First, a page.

Lazzarato (1996) Immaterial Labor


Since the 1970s the nature of work has changed so that it isn’t always recognized as work.  Much of the work performed today is immaterial labor and it involves new power relations in which workers, who are free, use their mental skills and personalities to produce information commodities.

NOTE: Lazzarato is not describing digital labor per se.  His focus is on power relations between post-Fordist corporations and information workers.  (Cote and Pybus 2011 use the term Immaterial Labor 2.0 to update his theory to encompass labor in the digital economy)


Immaterial labor hasn’t replaced material labor, it just extends it.  Immaterial labor is not easy to recognize because it doesn’t take place within a factory, but in society.  The commodity produced by immaterial labor is information and cultural content that produces ideology and consumption is not consumption of products but consumption of information.

There are two different aspects of immaterial labor:

  1. the information content of the commodity (computer work)
  2. the cultural content of the commodity (fashions, tastes, public opinion)

Definition: “immaterial labor…is…the labor that produces the informational and cultural content of the commodity. The concept of immaterial labor refers to two different aspects of labor. On the one hand, as regards the ‘informational content’ of the commodity, it refers directly to the changes taking place in workers’ labor processes in big companies in the industrial and tertiary sectors, where the skills involved in direct labor are increasingly skills involving cybernetics and computer control…. On the other hand, as regards the activity that produces the cultural content of the commodity, immaterial labor involves a series of activities that are not normally recognized as ‘work’ – in other words, the kinds of activities involved in defining and fixing cultural and artistic standards, fashions, tastes, consumer norms, and, more strategically, public opinion.” (Lazzarato, 1996, 2)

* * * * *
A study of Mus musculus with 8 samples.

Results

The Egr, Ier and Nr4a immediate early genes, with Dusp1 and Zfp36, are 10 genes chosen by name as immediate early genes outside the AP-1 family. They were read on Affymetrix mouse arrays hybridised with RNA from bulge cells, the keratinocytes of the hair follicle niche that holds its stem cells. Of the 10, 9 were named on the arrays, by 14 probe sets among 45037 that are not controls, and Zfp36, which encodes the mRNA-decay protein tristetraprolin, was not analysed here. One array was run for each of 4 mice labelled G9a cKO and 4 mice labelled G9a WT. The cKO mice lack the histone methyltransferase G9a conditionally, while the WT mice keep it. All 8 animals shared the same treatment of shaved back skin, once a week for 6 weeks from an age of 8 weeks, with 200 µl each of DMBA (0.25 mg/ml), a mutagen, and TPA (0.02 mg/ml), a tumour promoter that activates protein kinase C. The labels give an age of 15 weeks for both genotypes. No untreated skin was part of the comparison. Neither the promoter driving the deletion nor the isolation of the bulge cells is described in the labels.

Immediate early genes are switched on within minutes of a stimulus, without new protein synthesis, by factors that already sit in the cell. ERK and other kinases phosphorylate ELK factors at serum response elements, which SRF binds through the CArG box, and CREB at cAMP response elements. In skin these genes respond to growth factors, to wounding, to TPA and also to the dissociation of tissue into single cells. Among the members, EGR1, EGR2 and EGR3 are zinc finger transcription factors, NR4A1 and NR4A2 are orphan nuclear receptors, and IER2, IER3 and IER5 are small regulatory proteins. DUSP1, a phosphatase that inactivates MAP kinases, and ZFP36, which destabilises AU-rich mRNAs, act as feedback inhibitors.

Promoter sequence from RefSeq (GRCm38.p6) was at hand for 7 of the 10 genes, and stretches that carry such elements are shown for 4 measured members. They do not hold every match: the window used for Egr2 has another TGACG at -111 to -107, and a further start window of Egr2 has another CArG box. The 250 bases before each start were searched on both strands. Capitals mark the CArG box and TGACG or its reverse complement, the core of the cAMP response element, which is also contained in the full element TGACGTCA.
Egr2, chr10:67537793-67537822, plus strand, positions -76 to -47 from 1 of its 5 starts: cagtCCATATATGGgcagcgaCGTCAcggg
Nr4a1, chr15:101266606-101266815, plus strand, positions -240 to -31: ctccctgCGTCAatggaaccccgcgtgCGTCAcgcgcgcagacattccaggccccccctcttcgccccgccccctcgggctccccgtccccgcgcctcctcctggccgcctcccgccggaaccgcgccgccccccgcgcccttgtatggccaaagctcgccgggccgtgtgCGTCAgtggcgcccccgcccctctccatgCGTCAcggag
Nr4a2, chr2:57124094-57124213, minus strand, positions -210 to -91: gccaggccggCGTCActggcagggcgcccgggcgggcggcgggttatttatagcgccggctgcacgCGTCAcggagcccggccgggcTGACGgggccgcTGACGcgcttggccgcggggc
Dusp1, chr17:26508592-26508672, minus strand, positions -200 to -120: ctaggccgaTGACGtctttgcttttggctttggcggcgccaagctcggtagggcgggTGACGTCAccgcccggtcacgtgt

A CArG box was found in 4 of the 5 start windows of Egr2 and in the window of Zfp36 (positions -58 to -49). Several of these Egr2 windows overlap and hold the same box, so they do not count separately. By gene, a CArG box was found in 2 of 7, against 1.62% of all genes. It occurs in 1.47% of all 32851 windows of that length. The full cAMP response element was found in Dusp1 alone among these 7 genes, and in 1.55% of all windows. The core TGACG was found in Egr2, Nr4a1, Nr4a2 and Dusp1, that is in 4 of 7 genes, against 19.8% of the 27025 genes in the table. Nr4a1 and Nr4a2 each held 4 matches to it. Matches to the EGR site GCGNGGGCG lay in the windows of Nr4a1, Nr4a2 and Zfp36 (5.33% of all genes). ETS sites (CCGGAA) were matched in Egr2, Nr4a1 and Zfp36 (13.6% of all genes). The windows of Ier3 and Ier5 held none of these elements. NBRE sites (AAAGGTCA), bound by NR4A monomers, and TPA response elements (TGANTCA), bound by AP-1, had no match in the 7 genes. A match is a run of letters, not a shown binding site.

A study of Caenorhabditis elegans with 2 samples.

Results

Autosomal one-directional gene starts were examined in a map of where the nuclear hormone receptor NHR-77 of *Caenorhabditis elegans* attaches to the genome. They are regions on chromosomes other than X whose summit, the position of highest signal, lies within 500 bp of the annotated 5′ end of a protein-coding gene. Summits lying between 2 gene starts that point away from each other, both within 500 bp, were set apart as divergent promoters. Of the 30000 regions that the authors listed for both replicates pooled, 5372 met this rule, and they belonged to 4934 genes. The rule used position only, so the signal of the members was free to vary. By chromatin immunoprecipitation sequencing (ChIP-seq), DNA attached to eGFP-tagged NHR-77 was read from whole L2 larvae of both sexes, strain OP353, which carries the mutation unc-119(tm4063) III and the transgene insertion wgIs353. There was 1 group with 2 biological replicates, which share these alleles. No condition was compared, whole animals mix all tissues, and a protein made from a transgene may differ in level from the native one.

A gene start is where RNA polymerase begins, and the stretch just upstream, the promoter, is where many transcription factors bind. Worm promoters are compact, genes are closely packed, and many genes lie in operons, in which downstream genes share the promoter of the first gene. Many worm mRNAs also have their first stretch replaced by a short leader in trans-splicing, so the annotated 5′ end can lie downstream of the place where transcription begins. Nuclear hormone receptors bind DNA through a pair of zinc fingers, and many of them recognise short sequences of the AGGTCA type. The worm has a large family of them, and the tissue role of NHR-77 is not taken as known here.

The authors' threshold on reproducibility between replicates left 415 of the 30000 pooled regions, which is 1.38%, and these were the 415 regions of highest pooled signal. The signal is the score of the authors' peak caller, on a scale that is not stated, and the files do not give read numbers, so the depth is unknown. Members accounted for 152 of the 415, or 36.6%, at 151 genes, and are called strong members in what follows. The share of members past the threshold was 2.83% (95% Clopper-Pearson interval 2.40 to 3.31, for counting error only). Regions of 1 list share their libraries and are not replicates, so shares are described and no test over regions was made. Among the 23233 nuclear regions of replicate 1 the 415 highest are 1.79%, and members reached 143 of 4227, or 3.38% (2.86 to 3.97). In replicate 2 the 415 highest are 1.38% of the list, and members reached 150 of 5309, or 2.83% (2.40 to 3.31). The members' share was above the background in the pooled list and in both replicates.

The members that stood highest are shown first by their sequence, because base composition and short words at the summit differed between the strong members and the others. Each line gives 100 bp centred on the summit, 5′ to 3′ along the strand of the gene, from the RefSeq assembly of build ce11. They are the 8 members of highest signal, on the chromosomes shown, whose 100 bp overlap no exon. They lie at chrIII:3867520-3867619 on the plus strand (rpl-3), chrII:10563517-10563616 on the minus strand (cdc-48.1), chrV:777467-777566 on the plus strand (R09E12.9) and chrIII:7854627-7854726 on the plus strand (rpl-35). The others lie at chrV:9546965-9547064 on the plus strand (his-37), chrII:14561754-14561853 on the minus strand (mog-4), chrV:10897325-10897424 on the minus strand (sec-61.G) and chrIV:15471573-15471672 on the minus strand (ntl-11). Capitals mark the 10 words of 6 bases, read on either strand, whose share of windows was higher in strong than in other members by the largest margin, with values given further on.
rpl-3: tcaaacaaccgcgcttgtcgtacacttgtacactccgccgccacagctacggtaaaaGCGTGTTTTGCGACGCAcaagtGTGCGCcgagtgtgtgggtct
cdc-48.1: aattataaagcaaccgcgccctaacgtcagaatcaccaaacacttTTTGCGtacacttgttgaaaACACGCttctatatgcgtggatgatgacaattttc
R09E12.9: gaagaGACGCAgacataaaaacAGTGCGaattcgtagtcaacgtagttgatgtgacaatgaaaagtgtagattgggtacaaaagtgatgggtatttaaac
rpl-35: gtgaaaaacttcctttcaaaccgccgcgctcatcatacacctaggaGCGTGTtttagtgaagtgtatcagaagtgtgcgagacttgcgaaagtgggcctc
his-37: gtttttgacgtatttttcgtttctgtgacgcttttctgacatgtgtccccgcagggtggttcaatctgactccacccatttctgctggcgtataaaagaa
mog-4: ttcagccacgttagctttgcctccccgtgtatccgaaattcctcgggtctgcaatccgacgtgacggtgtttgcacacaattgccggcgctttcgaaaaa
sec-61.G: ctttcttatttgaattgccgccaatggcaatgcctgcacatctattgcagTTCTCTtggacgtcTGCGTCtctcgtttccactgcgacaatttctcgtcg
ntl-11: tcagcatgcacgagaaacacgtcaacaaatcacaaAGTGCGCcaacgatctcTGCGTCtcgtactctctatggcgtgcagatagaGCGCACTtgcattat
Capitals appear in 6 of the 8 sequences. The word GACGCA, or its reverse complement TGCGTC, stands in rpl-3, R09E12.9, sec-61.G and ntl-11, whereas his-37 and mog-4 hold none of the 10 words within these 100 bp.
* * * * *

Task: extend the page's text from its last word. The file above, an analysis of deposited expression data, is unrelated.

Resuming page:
Workers need to feel autonomous and free but at the same time they must be productive.  So the modern corporation accomplishes this by controlling worker’s imagination and creativity for their own profit.  This model: “threatens to be even more totalitarian than the earlier rigid divisions between mental and manual labor… because capitalism seeks to involve even the worker’s personality and subjectivity within the production of value” (135).

“It becomes increasingly difficult to distinguish leisure time from work time. In a sense, life becomes inseparable from work” (Lazzarato, 137)

This is a form of “living labor” where managers elicit cooperation from employees.  “Precariousness, hyperexploitation, mobility, and hierarchy are the most obvious characteristics of metropolitan immaterial labor” (136).